Posted by: Dean Foust on April 23, 2007
As the old saying goes, you can’t buy taste. Exhibit A: The $30 million home (compound?) that publishing tycoon Duane Hagadone built in Palm Desert. According to this account in the Los Angeles Times, Hagadone wanted “a residence that blends into the mountain, that is very subtle, not a pinnacle seen from all angles.” The home, reports LA Times writer Valerie Reitman, would feature a copper roof composed of “angles and curves” that mimicked the ridge of the mountain, while its rock walls would be molded from those on the hillside.
So entranced were city officials that they granted Hagadone an exemption from zoning ordinance that allowed him to build his 32,016-square-foot monstrosity – which is eight times the normal limit.
But the photo above shows what Hagadone built (also, here’s a slide show the LA Times put together, which shows the development from different angles.) You think this blends into the mountainscape? Har. Viewed from above, it looks like the space station crashed here, splattering its parts across the desert.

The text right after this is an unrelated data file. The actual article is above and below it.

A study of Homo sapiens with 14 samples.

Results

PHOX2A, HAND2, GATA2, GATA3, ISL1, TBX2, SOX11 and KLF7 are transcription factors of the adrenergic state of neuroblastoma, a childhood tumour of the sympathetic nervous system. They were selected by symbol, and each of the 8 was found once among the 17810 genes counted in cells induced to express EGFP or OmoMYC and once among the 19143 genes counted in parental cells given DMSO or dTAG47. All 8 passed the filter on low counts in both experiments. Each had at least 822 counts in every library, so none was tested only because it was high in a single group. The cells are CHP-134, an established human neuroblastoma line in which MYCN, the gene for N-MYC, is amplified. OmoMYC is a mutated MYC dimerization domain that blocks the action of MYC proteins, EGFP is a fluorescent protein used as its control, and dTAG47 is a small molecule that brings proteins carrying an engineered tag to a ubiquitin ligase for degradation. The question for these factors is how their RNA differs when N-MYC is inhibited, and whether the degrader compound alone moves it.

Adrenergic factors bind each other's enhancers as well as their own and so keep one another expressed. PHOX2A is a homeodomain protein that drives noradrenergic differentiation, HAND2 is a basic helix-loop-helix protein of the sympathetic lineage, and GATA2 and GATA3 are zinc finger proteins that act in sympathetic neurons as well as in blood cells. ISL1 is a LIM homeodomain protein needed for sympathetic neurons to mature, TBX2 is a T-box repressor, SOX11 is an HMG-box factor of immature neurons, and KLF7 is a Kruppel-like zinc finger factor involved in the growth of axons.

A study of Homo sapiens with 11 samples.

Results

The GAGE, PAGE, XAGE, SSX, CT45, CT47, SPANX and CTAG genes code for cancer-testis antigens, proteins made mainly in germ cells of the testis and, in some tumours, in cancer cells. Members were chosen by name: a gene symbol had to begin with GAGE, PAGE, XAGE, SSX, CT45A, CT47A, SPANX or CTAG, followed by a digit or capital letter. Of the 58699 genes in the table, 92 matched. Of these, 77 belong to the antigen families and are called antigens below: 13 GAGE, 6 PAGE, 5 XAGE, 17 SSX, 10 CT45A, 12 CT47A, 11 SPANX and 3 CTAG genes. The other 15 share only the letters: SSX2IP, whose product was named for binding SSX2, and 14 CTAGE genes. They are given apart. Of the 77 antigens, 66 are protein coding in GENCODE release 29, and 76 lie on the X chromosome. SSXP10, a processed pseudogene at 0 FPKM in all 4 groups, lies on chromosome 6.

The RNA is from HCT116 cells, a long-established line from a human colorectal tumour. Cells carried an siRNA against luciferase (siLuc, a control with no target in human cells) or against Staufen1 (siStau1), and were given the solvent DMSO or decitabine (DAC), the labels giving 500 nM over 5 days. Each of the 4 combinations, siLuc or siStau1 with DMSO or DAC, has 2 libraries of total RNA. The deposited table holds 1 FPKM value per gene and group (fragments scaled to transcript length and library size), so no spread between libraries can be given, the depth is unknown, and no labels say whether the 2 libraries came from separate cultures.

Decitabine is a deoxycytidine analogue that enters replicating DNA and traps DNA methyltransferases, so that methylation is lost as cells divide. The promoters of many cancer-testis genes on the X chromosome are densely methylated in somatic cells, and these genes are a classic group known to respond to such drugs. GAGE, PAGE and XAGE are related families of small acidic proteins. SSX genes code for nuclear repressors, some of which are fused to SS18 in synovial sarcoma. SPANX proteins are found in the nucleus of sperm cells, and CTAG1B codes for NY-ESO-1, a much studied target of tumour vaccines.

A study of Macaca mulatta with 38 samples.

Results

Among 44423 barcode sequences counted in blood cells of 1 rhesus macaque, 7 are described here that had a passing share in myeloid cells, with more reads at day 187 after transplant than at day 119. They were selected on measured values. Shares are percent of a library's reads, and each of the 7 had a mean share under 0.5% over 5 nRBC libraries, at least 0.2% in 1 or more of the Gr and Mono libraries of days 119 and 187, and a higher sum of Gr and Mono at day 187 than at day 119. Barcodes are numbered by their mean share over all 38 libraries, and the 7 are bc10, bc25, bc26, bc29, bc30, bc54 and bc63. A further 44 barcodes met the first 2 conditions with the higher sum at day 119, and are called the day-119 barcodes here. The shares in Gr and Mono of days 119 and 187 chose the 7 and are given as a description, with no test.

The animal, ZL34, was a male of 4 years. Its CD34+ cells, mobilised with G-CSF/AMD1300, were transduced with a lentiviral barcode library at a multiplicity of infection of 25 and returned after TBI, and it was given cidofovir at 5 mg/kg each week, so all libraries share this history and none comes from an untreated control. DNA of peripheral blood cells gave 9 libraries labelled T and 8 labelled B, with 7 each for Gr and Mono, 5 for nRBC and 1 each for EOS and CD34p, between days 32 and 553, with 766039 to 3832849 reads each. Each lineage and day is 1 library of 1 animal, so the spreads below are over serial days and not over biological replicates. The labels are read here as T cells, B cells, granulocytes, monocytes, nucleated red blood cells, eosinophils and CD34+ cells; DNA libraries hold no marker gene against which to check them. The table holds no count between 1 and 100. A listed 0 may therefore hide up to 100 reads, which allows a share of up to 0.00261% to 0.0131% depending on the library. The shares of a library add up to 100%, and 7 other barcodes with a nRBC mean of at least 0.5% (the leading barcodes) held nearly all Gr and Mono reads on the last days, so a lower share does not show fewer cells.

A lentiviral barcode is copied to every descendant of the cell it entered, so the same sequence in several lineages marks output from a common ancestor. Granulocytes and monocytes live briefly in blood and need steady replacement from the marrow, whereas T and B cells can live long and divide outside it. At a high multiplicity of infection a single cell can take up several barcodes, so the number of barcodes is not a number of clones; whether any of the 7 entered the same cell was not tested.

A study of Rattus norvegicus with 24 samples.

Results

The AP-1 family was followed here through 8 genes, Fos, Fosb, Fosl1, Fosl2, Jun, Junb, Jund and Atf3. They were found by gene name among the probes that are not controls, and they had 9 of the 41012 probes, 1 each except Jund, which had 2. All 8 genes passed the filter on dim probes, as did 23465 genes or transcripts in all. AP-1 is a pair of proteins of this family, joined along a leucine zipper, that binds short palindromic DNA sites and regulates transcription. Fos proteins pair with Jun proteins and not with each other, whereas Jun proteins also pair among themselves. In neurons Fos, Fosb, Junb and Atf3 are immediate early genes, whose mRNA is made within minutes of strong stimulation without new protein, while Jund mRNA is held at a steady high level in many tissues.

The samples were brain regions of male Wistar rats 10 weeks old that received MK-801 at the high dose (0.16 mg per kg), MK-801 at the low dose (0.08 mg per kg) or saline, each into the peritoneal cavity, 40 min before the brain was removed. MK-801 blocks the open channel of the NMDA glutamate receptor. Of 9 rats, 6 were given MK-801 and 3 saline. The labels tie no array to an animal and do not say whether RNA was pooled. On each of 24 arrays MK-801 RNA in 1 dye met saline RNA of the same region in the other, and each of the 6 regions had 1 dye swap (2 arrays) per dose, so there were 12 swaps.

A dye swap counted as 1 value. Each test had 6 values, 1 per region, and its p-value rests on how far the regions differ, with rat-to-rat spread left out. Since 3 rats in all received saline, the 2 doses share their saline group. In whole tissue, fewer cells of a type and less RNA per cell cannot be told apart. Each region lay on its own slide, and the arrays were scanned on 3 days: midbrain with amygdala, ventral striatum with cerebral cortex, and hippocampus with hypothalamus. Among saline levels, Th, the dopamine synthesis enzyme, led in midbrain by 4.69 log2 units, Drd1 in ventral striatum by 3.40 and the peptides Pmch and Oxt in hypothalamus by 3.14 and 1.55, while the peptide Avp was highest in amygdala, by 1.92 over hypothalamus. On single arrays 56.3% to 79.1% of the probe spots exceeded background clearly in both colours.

So this got me thinking: Let’s have a contest to pick the ”Ugliest House Ever Built.” (Bonus points for homes where the owner dropped a small fortune in the process; no fair picking on the Average Joes.) Readers, nominate your candidates, with links to the photos, as comments to this thread (if you just have a digital photo, feel free to email it to me at email@example.com, with “Ugliest House contest” in the subject line). If we get enough readers willing to play ball, I’ll pick a winner and award a prize: A copy of Why the Real Estate Boom Will Not Bust by David Lereah, chief economist of the National Association of Realtors (and subject of the David Lereah Watch blog).
BusinessWeek editors Chris Palmeri, Prashant Gopal and Peter Coy chronicle the highs and lows of the housing and mortgage markets on their Hot Property blog. In print and online, the Hot Property team first wrote about the potential downside of lenders pushing riskier, "option ARM" mortgages and the rise in mortgage fraud back in 2005—well ahead of many other media outlets. In 2008, Hot Property bloggers finished #1 in a ranking of the world's top 100 "most powerful property people" by the British real estate website Global edge. Hot Property was named among the 25 most influential real estate blogs of 2007 by Inman News.